June 01, 2020

John Holyoke | BDN
John Holyoke | BDN
On a cool, breezy afternoon, there wasn't much action at the mouth of Mann Brook at Green Lake, but the chance to cast a line was a well-needed break from the pandemic reality.

The day dawned gray and blustery — not ideal for fishing, but sadly par for the course when it comes to early season fishing outings — and I struggled to find and gather all the gear I’d need for my personal opening day of open-water season.

It’s often like that, I find. My best-laid plans from last fall, when I stashed all of my most important fishing equipment in the perfect places so that I’d be sure to find it all come spring, had led to a semi-frantic search through all of my favorite hiding spots, and sometimes, I came up empty.

The Orvis Battenkill fly reel with the floating line on it? Gone. Or at least, missing.

Not to worry. I’m sure I’ll find it again, sometime. Maybe come fall, when I’m performing a similar search for my deer-hunting equipment.

That’s how these first-of-the-season adventures go, I’ve learned. At least for me.

And I’ve learned to not let it get me down. Adjust. Adapt. Overcome. Or something like that.

An hour later than I’d planned, the truck was finally loaded, and I set off. My goal had been to head to the woods on a “social distancing adventure ,” adhering to all of the best advice during this decidedly odd time in our shared history.

That, I learned, wouldn’t be much of a problem. None of my fishing buddies — all of whom would have driven their own vehicles in order to avoid any possible cross-contamination — were available.

Real life invaded. So, instead, they’d let me handle the fishing on my own, and expect a report after I’d returned.

Undeterred, I headed to a familiar spot where a babbling brook dumps into one of the area’s most popular waters, Green Lake. Private, this spot isn’t. But accessible? You bet.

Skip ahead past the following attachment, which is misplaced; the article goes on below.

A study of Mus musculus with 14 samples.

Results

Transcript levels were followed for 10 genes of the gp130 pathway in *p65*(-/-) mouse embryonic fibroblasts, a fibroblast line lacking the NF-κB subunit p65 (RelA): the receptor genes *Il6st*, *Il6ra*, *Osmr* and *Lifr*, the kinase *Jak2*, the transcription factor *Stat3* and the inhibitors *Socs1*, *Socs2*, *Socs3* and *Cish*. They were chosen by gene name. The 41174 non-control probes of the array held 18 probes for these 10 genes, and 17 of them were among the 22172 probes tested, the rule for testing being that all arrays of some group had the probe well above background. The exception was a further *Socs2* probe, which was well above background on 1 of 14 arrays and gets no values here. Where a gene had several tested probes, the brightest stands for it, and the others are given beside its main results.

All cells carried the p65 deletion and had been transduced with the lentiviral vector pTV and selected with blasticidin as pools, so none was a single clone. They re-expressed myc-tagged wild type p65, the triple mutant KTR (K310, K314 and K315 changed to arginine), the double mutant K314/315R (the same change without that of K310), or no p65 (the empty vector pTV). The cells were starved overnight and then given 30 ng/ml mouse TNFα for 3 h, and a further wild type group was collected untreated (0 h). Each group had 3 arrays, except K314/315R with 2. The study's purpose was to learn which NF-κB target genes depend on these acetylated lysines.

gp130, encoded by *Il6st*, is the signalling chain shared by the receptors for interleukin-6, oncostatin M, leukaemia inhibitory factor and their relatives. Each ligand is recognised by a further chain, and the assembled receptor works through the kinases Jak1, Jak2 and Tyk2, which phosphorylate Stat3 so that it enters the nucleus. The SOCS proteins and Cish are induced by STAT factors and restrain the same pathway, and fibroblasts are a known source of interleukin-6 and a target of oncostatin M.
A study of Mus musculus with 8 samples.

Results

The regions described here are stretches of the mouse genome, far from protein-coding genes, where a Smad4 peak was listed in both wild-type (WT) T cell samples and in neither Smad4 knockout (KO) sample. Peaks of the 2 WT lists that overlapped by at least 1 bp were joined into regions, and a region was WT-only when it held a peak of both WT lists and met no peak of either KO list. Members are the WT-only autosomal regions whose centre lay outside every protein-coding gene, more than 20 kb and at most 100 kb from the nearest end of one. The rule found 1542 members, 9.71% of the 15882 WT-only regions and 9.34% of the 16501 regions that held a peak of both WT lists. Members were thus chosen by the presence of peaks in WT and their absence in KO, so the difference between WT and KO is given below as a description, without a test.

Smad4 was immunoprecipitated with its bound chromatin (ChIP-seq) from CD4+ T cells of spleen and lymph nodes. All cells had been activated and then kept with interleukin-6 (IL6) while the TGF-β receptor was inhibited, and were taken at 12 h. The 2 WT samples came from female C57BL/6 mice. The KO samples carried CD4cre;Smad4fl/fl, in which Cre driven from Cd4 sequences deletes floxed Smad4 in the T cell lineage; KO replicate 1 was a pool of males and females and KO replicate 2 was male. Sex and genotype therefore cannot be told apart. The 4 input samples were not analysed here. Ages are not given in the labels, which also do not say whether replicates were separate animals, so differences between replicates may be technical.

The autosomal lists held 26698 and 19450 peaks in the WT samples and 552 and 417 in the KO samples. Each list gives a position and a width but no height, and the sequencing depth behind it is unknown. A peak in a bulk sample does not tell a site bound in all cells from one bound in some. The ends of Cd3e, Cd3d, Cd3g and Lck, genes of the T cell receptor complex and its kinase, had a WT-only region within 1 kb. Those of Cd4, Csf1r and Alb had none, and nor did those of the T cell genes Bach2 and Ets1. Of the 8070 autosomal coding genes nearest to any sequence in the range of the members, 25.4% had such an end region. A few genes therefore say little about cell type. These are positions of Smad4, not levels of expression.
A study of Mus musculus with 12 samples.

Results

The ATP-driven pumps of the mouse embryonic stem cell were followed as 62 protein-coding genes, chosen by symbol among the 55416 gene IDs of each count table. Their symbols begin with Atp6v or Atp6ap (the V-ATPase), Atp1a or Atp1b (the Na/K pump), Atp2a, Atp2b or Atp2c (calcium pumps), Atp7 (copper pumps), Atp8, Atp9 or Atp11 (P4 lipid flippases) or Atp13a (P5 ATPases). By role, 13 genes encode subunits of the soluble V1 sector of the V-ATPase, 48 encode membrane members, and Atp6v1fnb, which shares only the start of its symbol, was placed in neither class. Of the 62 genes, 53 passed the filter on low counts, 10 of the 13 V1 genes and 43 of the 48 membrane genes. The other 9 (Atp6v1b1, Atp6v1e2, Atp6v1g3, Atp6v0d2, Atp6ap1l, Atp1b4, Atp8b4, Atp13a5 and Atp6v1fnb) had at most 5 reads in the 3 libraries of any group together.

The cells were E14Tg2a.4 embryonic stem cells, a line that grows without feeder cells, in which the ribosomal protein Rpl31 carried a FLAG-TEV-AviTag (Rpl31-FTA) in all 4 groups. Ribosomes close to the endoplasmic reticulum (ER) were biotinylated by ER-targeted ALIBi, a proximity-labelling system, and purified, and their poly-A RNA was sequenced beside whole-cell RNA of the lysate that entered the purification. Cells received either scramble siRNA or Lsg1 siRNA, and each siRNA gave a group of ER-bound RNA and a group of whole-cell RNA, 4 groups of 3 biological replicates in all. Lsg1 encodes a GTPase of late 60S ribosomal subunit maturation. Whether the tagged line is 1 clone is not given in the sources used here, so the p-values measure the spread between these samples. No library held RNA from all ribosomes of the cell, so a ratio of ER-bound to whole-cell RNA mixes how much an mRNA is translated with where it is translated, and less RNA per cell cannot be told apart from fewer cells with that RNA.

As I unloaded an ultralight rod and tied on a Super Duper lure, a delivery driver brought his truck to a halt and rolled down his window.

“Did you catch the big one?” he asked with a grin.

I was safely on the side of the road more than six feet away. I smiled back and admitted I was just getting started.

“I’m going to do the same thing as soon as I get out of work,” he said. “Someone’s gotta do it!”

I agreed, wished him luck, and headed to the lakeshore, where I spent a bit of time casting and retrieving the lure — and freezing.

A raw wind blew off the mostly iced-in lake, and I quickly grew tired of fruitless casts. Truth be told, I’ve never caught a fish at that spot, and there are only two reasons I return there, year after year.

First, because I know there will be ice-free water to cast into.

And second, because it reminds me of all the other times I’ve stopped and done the same thing.

On some of those days, sunny skies and light breezes have lured me to the water, while on other days, the simple allure of finally fishing open water after a long, icy winter has convinced me to ignore foul weather to make a few casts.

Whatever the case, each trip adds to the memories, for better or worse.

On this particular day, the weather got the better of me and forced me deeper into the woods.

After casting for a bit, I moved on, driving down a familiar dirt road to check on the family camp.

There, I learned that the winter had been a bit tougher than I would have hoped. A rotten tree had blown over and laid across the top of my small fishing boat, which I store in a clearing not far from camp.

Not that there was any open water in sight, mind you: My home lake was still socked in with solid-looking ice.

Cold and frustrated, I headed for home, vying to return another day and hike into the woods in search of trout. Maybe in a few weeks, when the alder leaves are as big as a mouse’s ear. That’s the perfect time to fish the brooks, old timers will tell you.

And maybe by that time, I’ll have found my favorite fly reel, too.

Fish safely. Have fun. See you on the water when things get back to normal.

John Holyoke can be reached at jholyoke@bangordailynews.com or 207-990-8214. Follow him on Twitter: @JohnHolyoke. His first book, “Evergreens,” a collection of his favorite BDN columns and features, is published by Islandport Press and is available wherever books are sold.